For those who have not suffered a chronic trauma reaction it can sometimes be hard to understand how a victimized person gets situations where re-victimization can happen. Wouldn’t one trauma at the hands of another cause you to be vigilant against any subsequent danger?
You might think so, but here’s how it happens in simplistic terms:
- Interpersonal Trauma leads to confusion, self-doubt (and hatred), loss of voice.
- Vigilance against one kind of victimization leads to making decisions to give up other values/interests to avoid the trauma
- That decision (or impulse) leads to opportunity for exploitation
Still doesn’t make sense? Consider how a societal trauma preps a community or country for re-victimization. Dave Zirin writes about the use of “Shock Doctrine” in his 2014 book, Brazil’s Dance with the Devil: The World Cup, the Olympics, and the Fight for Democracy. Shock doctrine is opportunist moves by governments interested in taking advantage of a traumatized population
Left to their own devices, people tend to vote for things that make their lives better, like sharing wealth and resources and ensuring quality health care and education for all. Nobody wins elections by promising to turn the country into a sweatshop zone. So in order to put neoliberal policies in place, the world’s elite need a strategy—some clever sleight of hand to get what they want before anyone can object. Enter the shock doctrine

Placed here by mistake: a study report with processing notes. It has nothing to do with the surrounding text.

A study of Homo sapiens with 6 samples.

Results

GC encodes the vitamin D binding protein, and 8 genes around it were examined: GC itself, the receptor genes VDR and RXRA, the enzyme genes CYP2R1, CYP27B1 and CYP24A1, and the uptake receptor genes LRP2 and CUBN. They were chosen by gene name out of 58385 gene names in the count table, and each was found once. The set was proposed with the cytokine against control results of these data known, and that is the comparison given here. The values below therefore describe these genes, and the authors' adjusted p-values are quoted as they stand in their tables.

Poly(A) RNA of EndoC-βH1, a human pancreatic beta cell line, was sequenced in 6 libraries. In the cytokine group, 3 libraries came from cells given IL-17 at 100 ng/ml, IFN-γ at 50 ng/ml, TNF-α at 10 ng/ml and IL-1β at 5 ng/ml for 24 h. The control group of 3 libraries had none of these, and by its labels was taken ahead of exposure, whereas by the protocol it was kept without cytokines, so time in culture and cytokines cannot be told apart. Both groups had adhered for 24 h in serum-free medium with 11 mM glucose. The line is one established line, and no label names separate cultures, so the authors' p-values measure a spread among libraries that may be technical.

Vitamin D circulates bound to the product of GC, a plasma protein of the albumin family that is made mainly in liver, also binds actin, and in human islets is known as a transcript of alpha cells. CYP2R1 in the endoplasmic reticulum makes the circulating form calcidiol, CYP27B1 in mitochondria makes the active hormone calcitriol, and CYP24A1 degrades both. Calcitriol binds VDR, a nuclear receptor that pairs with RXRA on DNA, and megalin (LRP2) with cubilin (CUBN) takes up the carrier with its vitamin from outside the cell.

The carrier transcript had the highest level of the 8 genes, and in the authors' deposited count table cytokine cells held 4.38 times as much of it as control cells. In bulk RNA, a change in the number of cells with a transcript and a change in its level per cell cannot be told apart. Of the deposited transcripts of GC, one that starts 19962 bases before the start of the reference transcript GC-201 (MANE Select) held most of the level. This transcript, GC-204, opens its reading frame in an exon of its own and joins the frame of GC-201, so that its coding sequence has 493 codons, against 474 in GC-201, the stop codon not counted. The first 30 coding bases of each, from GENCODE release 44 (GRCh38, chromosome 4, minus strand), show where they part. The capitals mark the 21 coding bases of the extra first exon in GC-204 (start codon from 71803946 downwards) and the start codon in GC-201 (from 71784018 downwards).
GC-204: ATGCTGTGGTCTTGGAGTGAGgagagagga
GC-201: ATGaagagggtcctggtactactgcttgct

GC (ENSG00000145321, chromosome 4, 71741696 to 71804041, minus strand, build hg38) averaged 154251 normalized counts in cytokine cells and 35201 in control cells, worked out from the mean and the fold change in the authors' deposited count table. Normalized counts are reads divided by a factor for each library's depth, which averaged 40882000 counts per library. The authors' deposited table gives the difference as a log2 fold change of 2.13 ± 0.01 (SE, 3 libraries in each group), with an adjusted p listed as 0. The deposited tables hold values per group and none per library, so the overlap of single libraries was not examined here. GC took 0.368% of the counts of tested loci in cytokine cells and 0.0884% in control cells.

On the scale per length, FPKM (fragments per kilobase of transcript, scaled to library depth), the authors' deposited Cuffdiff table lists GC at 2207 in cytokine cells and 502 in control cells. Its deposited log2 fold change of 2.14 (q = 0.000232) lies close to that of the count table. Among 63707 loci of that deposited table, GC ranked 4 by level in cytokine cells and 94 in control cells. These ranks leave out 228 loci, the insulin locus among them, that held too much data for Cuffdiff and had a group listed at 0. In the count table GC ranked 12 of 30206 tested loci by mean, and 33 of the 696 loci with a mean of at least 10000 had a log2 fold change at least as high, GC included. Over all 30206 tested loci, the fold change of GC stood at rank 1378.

The idea is simple: people who are traumatized are more likely to agree to authoritarian measures, to suspending democracy, to doing whatever it takes. The trauma can be unexpected, like a natural disaster or a terrorist attack, or planned, like a massive budget cuts or a military coup—anything that
‘puts the entire population into a state of collective shock. The falling bombs, the bursts of terror, the pounding winds serve to soften up whole societies much as the blaring music and blows in the torture cells soften up prisoners. Like the terrorized prisoner who gives up the names of comrades and renounces his faith, shocked societies often give up the things they would otherwise fiercely protect…’
While people are reeling, trying to figure out how to survive, corporations and the corporationist state walk through the open door and take what they please.” (p 73-4)
Zirin illustrates this by pointing to countries who take privacy rights or freedom of speech from citizens in the name of protecting the people (state) from outside attack. Or corporations who find ways to take land from poor citizens after a natural disaster—to use for their own benefit.
My point is not to attack political ideologies, corporations, or governments. Rather it is to show that trauma sets us up to give up rights and boundaries more easily in order to avoid a terror. That same willingness is more easily exploited by one who sees the vulnerability. The authority will protect us we think. But if the authority is only interested in its own protection, the victim is prone to re-victimization.